All the signs point to a continued tightening in Ireland’s labour market, in the urban centres in particular. But are employers adapting quickly enough?
Foreign-owned companies created 20,000 jobs last year in the Republic, while the IDA reports that more of its client base wants a presence outside the capital.
210,000 people were employed by foreign companies at the end of 2017.
Demand for professionals is increasingly outstripping supply, and this demand is particularly high in financial services, pharmaceuticals, human resources, construction, and, of course, information technology.
The ripple effects have been spreading across much of the rest of the economy.
In a recent blog post, the managing director of Hays Ireland, Simon Winfield, wrote that a staggering 98% of employers say they have experienced skills shortages, and many say the shortages affect productivity.
And some firms report increases in absenteeism, because of workplace stress caused by pressure to fulfil contracts.
In its survey, Hays appears to have discovered a large gap in worldview between management and the workforce.
Half of employers consider that staff have unrealistic salary expectations, yet a quarter of employees plan to leave their current job.
So, have Irish employers been caught napping? There is evidence that firms are adapting.
In the past, the arrival of multinationals sucked labour away from indigenous firms and led to the bidding-up of wages.
SMEs found it difficult to compete with multinationals.
According to Morgan McKinley, Irish-owned firms are holding their own in the marketplace.
This is because more firms are ambitious and innovative.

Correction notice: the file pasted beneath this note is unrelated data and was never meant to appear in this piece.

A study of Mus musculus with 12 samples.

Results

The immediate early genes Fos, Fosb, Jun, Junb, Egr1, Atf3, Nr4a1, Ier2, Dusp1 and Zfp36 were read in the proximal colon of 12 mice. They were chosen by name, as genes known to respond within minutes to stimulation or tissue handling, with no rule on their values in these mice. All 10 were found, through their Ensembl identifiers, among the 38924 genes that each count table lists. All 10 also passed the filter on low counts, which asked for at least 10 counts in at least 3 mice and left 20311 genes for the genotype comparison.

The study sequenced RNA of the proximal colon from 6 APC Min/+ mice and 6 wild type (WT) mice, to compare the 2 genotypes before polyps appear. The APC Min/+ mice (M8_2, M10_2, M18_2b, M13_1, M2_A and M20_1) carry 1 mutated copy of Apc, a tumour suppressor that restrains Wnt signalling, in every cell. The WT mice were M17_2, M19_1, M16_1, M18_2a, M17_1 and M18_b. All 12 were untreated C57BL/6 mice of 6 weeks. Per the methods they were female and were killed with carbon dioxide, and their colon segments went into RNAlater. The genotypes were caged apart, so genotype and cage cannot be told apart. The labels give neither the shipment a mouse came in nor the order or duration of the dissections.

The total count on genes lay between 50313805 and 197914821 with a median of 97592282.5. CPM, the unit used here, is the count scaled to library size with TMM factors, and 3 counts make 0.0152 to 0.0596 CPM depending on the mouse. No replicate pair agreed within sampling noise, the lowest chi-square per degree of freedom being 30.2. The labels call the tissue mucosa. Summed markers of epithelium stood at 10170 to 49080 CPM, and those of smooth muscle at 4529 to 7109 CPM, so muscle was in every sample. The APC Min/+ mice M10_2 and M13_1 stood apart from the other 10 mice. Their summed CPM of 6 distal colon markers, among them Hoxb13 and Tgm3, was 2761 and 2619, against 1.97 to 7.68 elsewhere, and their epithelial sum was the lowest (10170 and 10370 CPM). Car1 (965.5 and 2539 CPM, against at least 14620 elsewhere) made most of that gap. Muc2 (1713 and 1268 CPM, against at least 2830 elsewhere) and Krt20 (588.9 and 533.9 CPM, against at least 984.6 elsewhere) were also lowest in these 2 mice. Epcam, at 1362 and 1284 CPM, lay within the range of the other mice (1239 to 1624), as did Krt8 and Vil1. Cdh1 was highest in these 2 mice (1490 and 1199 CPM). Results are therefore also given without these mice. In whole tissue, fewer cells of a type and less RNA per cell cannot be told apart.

A new indigenous technology cluster is emerging in areas such as IT and biotechnology.
https://t.co/GAe0nrJvdm A review of the demand for tax talent from MNCs, SMEs and smaller practices and boutique tax firms in Q1 2018 plus the most in-demand, highest paying roles.— Morgan McKinley IRE (@MMKIreland) May 3, 2018
One interesting development is the rise in the use of contractors across a wide range of professional jobs.
Recruiter, HRM, reports that two-fifths of all scientific professionals want to work as contractors, rather than on the permanent payroll.
Some are working as fixed-term contractors, having received an up-front fee, while others are paid a daily rate.
With uncertainty regarding the future, particularly in areas exposed to a possible hard Brexit, the advantages of using contractors can be significant.
Experienced contractors can be a breath of fresh air. But many organisations are not getting the most out of their workforce, particularly not from their permanent workers.
Some time ago, the Harvard Business Review highlighted the huge gaps in US companies’ approach to the training of staff.
The article, by David Smith, cited a survey by consultancy, Accenture.
It found that a majority of respondents felt under pressure to acquire new skills, but only a fifth said the company had helped them to gain any in the previous five years.
The author concluded that management should be designing more flexible career paths, so that they can more easily deploy existing staff to roles in most demand.
He approved of the way Hilton Worldwide hotel chain had gathered extensive details on employee skills, everything from languages to community activities.
These databases were drawn on when skills were being matched with demand in the organisation.
When recruiting, the group pays less attention to the specific skill sets and qualifications of candidates, preferring to attract strong generalists, who can then be trained.
Work has also been redesigned to better match the skills available.
Such approaches may not commend themselves to recruiters.
There is evidence, however, that employers can ease the pressure by using their imagination to better harness the talent already on the books.
By using their employees more effectively, they may also increase the chances that staff don’t quit for other jobs, thereby saving many thousands of euros.